By Ronald Y. Pérez, WC&P Managing Editor

Sen. James Jeffords (I-Vt.) will propose legislation to overhaul the federal Safe Drinking Water Act (SDWA). Another reaction to the Washington, D.C., lead issue, the changes would help provide better notification to consumers of water with high lead levels, require more frequent water testing in schools and day-care centers across the country, and—most important—provide more federal funding to upgrade distribution systems, the Water Quality Association reported on its website. Two important parts of the proposal for the water treatment industry would require complete elimination of lead in all plumbing fixtures as well as that all consumers be alerted to contaminants across the United States. As such, Jeffords’ idea would require three new actions where water utilities would have to:

  • Immediately notify all residents whose water has high lead levels,
  • Distribute free filters to those residents, and
  • Replace all lead service lines on public and private property.

In the plan, the replacement process would continue even if lead levels recede, essential to upgrading aging water delivery infrastructure. His proposal would also increase the frequency of testing in houses, schools and day-care centers, and force manufacturers of plumbing fixtures to eliminate lead from their products.

The Florida Ground Water Association (FGWA) will award two $500 college scholarships this year. Eligible applicants may obtain a copy of the scholarship form by contacting the FGWA office at (863) 293-5710 or (863) 299-5154 (fax). The application deadline is July 1.

The International Bottled Water Association (IBWA) has announced the official theme, “Uncap the Future,” for its 46th Annual Convention and Trade Show to be held in Tampa, Fla., from Sept. 29-Oct. 1. The IBWA convention will be part of BevExpo 2004. For schedule and session details, registration and other information including a list of exhibitors, log on to  

In an email to International Ultraviolet Association (IUVA) members, IUVA executive director Jim Bolton warned of possible ramifications of California’s AB 2943, which would require manufacturers of all mercury-added products to label those products as such. It would also ban the sale of products containing more than 10 milligrams of mercury by Jan. 1, 2008, with earlier bans for products with more mercury. He wrote, in part: “Because this bill would affect UV manufacturers in California (and elsewhere if adopted in other states), we feel we can make a strong case this bill is inappropriate because it will result in little if any reduction in mercury while adversely affecting beneficial applications of UV in California. This bill could easily move forward unless there is a strong response from individuals and the UV industry.”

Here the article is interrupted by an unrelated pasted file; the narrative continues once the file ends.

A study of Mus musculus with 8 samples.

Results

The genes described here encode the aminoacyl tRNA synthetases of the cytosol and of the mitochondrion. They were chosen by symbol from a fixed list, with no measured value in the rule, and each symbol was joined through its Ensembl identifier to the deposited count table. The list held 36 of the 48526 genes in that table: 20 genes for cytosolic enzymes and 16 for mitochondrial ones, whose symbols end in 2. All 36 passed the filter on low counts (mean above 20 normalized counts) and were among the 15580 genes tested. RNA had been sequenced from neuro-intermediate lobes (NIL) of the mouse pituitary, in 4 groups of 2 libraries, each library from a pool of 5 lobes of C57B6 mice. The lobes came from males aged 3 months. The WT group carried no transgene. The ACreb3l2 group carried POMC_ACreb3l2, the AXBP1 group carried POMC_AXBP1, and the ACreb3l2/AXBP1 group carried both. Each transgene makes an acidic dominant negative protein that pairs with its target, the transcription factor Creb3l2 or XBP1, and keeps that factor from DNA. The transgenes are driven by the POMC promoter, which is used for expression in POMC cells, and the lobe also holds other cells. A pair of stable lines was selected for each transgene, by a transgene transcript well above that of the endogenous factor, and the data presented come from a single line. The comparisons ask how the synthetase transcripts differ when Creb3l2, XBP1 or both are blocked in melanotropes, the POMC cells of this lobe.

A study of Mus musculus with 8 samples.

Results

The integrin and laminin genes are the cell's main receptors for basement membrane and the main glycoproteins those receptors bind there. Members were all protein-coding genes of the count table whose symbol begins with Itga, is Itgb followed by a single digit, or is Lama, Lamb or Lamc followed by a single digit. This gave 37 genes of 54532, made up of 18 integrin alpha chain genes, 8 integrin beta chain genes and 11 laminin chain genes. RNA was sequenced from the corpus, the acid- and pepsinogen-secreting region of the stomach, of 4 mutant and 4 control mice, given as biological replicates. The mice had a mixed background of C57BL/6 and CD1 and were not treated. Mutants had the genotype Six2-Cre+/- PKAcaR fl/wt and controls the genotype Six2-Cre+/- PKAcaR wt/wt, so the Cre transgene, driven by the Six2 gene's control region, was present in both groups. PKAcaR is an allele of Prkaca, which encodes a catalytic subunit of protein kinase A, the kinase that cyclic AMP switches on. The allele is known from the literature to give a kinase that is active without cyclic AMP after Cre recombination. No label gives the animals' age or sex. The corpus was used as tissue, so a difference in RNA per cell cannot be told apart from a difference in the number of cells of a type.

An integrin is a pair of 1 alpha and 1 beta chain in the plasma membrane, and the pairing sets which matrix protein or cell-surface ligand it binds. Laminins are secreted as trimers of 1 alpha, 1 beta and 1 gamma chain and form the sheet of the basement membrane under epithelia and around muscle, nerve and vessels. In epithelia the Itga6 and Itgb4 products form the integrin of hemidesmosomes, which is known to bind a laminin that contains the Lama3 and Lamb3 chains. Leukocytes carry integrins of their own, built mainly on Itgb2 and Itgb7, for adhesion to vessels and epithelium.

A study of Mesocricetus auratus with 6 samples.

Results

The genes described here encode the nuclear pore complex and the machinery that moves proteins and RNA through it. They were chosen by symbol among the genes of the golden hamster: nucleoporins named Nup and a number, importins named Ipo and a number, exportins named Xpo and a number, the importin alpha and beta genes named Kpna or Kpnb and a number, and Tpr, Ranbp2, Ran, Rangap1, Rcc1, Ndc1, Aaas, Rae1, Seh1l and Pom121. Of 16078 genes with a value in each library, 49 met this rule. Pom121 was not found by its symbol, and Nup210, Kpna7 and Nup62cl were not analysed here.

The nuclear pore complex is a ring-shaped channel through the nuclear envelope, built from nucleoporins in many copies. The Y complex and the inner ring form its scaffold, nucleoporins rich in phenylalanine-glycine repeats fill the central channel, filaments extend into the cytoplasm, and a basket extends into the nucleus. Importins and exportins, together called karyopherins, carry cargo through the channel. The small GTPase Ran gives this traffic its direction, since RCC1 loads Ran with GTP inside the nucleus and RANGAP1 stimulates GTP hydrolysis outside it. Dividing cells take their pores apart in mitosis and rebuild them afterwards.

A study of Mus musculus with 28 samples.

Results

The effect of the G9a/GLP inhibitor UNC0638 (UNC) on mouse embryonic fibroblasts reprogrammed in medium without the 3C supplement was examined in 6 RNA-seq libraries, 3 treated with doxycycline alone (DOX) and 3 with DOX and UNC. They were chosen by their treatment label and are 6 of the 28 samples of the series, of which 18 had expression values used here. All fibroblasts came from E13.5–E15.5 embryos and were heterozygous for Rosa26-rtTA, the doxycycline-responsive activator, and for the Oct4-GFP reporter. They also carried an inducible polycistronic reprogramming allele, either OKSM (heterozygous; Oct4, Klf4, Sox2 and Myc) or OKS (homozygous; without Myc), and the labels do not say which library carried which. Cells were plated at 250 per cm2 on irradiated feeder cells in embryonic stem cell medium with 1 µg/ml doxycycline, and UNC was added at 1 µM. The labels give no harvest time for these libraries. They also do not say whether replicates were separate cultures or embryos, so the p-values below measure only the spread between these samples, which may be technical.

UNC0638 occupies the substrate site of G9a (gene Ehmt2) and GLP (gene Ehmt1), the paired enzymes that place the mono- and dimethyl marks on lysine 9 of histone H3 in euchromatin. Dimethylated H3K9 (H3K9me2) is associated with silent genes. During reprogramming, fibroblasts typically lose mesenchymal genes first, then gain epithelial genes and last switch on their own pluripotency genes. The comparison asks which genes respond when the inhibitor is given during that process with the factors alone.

Bolton sent an “official” IUVA response April 1 to the state legislature regarding the proposal. In it, he said the bill would make the option of UV disinfection a difficult one for many water utilities. This would also increase the public health risk since the USEPA has determined that UV disinfection is very effective against pathogens such as Cryptosporidium and Giardia and has no disinfection by-products, as does chlorine disinfection. In addition, he wrote, the bill will make the option of UV systems difficult for utilities and industries that have to treat contaminants in water such as NDMA, a major environmental problem in California. In closing, Bolton said, “If you must pass a bill on this issue, we urge you to exempt lamps specifically designed to emit ultraviolet light.”